Global Economics

With Tensions Rising, Japanese Investment in China Plummets


Another consequence of the worsening Sino-Japanese relations: Japanese investment into China dropped by nearly half in the first six month of 2014, according to a new report by China’s Ministry of Commerce. As recently a 2012, Japanese investment posted growth of 16.3 percent, reaching $7.28 billion. The decline actually started last year, with a 4.3 percent drop.

Zhang Jifeng, director of the Japanese economy department in the Chinese Academy of Social Sciences, told the China Daily that Japan’s entrepreneurs are “waiting and watching.” He added: ”They’re profoundly aware of the connection between the political climate and their commercial performance [in China]. They don’t want to put their assets at risk.”

China and Japan are in a dispute over the ownership of the uninhabited Diaoyu Islands in the East China Sea. Japanese Prime Minister Shinzo Abe further angered Beijing in December when he visited Tokyo’s Yasukuni shrine, a temple that honors Japanese soldiers but also its war criminals. Earlier this month Japan’s cabinet passed a resolution reinterpreting its pacifist constitution so its military can defend its allies.

On July 7, the anniversary Beijing marks as the beginning of its resistance against Japan’s occupation of China during World War II, President Xi Jinping attacked its neighbor for misrepresenting its wartime aggression. “Anyone who intends to deny, distort, or beautify history will not find agreement among Chinese people and people of all other countries,” Xi said in a nationally televised speech, as reported by the official Xinhua News Agency.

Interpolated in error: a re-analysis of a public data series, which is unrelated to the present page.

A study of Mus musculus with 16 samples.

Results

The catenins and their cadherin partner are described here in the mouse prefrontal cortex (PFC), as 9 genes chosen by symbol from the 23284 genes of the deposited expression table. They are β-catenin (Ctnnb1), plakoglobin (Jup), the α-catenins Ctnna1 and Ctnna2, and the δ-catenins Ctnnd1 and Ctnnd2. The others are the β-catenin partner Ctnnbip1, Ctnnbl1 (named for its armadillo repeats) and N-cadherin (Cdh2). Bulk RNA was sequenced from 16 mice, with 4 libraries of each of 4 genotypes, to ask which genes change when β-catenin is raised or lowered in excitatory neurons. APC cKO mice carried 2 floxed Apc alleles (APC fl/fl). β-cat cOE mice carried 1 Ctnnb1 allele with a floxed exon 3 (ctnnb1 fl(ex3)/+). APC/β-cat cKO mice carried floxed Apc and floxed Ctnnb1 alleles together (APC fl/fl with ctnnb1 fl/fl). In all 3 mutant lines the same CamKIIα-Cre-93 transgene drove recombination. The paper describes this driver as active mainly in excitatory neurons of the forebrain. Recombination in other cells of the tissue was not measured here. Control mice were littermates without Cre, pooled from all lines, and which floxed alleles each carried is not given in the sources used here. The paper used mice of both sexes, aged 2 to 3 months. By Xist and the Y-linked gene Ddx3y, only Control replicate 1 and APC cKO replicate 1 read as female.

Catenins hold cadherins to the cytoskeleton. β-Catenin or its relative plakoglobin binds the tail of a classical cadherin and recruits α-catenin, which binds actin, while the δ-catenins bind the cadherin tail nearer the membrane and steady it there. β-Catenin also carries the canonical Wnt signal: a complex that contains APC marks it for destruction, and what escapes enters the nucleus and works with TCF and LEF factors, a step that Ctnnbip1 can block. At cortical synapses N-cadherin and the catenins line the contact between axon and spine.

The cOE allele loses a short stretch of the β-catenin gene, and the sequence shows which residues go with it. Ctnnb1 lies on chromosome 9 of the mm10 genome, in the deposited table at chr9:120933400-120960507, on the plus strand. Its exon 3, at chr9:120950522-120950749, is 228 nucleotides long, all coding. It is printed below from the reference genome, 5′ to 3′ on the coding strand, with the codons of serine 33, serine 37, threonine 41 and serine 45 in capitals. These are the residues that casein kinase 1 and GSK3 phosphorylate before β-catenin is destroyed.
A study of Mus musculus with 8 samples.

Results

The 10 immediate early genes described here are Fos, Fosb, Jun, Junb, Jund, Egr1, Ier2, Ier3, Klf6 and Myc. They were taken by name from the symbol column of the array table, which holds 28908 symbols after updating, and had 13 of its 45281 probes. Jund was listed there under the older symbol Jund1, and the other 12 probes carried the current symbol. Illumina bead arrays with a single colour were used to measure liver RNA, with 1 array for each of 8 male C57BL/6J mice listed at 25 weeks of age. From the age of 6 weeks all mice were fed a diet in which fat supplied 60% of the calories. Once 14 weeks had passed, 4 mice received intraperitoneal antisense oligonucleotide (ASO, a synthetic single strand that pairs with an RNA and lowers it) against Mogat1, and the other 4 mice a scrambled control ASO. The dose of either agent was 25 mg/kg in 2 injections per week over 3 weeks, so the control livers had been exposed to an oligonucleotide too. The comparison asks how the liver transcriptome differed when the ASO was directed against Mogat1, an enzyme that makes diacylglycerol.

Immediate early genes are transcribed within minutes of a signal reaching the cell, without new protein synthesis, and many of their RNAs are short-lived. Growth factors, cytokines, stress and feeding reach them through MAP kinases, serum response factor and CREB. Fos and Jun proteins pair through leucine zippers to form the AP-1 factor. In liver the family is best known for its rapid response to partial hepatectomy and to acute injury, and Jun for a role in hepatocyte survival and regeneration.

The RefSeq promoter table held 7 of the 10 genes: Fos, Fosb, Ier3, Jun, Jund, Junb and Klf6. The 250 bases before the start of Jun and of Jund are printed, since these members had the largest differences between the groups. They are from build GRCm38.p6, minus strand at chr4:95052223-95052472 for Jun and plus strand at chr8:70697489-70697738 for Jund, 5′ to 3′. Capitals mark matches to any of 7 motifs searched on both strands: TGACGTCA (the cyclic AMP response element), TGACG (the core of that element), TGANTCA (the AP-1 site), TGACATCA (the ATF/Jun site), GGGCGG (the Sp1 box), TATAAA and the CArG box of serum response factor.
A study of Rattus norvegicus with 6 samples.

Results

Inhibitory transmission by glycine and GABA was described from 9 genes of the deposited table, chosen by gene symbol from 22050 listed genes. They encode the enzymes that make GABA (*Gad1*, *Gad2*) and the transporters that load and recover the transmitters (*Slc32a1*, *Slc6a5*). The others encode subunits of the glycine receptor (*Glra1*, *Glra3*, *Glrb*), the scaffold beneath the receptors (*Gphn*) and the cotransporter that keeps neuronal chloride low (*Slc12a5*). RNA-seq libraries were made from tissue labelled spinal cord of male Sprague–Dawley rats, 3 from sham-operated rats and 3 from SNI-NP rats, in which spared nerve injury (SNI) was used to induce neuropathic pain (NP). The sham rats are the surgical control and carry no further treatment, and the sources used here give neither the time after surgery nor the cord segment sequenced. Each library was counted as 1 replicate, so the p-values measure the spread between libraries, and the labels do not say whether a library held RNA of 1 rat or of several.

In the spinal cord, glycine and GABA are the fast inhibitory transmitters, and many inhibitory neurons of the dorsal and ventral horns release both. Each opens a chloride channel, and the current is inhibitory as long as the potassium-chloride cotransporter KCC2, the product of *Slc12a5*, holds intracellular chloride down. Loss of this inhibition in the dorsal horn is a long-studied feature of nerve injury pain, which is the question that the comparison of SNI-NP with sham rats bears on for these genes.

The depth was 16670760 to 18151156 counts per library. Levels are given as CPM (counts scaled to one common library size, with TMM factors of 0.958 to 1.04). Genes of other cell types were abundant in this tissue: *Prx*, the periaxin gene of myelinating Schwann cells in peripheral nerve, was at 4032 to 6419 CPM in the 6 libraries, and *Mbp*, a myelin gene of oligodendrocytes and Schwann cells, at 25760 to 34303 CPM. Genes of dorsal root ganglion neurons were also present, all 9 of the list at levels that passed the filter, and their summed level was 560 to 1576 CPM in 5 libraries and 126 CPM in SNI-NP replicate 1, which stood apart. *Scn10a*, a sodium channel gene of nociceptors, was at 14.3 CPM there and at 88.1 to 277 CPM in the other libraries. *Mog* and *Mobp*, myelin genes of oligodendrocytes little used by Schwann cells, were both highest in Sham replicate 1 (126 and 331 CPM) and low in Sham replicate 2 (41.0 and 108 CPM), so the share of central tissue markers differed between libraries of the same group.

“It is impossible for two major powers to forge a relationship that solely consists of economic contacts. [Problems] in the political arena definitely will trigger a spillover effect in the economic domain. It’s just a matter of time,” Jin Baisong, an expert at the Chinese Academy of International Trade & Economic Cooperation, said in an interview with China Daily.

Investment from the U.S. fell 4.6 percent, while that from the European Union was down 11.2 percent. By contrast, investment from South Korea and the U.K. increased 45.6 percent and 76.4 percent, respectively. Total foreign direct investment was up 2.2 percent, to $63.33 billion.

“In the near future, China’s FDI inflow will probably enter a new phase marked by restructuring and slow growth,” said Shen Danyang, a spokesman for the Ministry of Commerce. “Foreign investment centering on the Chinese market offers bright prospects following the opening of the service sector, although foreign investment oriented toward exports and manufacturing will further decline.”

Investment in services rose 14.8 percent in June and accounted for 56 percent of the total; manufacturing fell 13.9 percent and accounted for 36 percent of the total. Investment in agriculture, meanwhile, amounts to a tiny, and shrinking, 1 percent.

Dexter_roberts
Roberts is Bloomberg Businessweek's Asia News Editor and China bureau chief. Follow him on Twitter @dtiffroberts.